Too busy to read? Try children's books.


by Beth Cronk, Litchfield head librarian

Do you love to read but feel like you don’t have enough time to finish a novel?  That’s usually how I am.  This fall I discovered a great way to read beautiful writing that gives you an engrossing experience without the time commitment: read quality children’s books.  This fall I’ve been taking a class on children’s materials for libraries, which has required me to read stacks of children’s books.  It has introduced me to wonderful books I would never have chosen on my own.  I’ll share the highlights with you.

When You Reach Me by Rebecca Stead won a Newbery in 2010.  It reads like excellent realistic fiction, the main character a 12-year-old girl living in New York City with her single mother in the ‘70s.  She’s a fan of A Wrinkle in Time and makes many references to it, a clue that this book is actually science fiction, although it sneaks up on you.  I read it immediately after reading A Wrinkle in Time, which I recommend doing.

Year of Impossible Goodbyes by Sook Nyul Choi is a fantastic piece of historical fiction set in Korea during and immediately after World War II.  I was pitifully unaware of the history of Korea during that time, and this story of a young girl’s experience with Japanese and then Soviet occupation was enlightening to me – and impossible to put down.

A Year Down Yonder, another Newbery winner, is a lighthearted novel about a teenage girl who has to move from Chicago to her grandmother’s house in a little town when her father loses his job during the Depression.  Grandma Dowdel is a wacky character, the Christmas pageant rivals that in The Best Christmas Pageant Ever, and the author, Richard Peck, hits the right balance of sweetness and quirkiness.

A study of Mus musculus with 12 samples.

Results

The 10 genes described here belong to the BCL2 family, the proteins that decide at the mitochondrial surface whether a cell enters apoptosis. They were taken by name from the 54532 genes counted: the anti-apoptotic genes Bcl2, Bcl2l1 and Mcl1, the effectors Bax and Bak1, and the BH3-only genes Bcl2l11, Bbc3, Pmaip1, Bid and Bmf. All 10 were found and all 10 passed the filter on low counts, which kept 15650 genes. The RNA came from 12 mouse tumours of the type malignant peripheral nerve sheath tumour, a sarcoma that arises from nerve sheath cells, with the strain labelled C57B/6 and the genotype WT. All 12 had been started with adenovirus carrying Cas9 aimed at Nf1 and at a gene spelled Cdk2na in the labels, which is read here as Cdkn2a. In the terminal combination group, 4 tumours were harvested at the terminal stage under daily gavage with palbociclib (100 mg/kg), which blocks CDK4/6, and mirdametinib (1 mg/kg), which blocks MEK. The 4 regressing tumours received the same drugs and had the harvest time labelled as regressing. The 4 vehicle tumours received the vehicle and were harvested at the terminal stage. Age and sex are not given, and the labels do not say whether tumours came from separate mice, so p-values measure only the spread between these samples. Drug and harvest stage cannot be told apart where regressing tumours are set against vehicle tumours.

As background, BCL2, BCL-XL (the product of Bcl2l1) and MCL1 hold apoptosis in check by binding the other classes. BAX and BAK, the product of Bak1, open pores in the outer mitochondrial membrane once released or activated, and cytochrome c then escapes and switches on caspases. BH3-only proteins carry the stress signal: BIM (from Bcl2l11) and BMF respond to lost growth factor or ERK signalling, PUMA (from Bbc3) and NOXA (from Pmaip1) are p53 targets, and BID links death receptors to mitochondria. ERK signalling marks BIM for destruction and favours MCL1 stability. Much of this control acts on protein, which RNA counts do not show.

Rules by Cynthia Lord is a masterfully written story of Catherine, a girl who struggles with having an autistic brother and with navigating new friendships with a paraplegic boy and with the new, popular girl next door.  Catherine’s social struggles are easy to relate to, and there are powerful but not preachy insights about relationships. 

Out of My Mind by Sharon M. Draper is told from the perspective of a brilliant girl with cerebral palsy who cannot speak.  The language is poetic, and her story is infuriating, heartbreaking, and inspiring. This is some fantastic writing.

Joey Pigza Swallowed the Key is told from another unique perspective, that of a boy with apparent ADHD.  Author Jack Gantos manages to make the narrative feel like it’s inside a mind that’s racing at a hundred miles an hour, shifting suddenly from one thought to another in ways that seem logical to the boy making impulsive decisions – but the reader knows that he’s headed for trouble.  Gantos does this while creating empathy in the reader for this child who wants to do the right thing but is unable to control himself.

I encourage you to explore children’s books even if you aren’t choosing them for children.  This is not second-class literature just because it is written for kids. Try some from the Newbery winners list, or find something on a historical period you enjoy.  Jan chooses truly wonderful books for our juvenile collection, and she, Mary, or I would be glad to direct you to quality children’s books that appeal to people of all ages.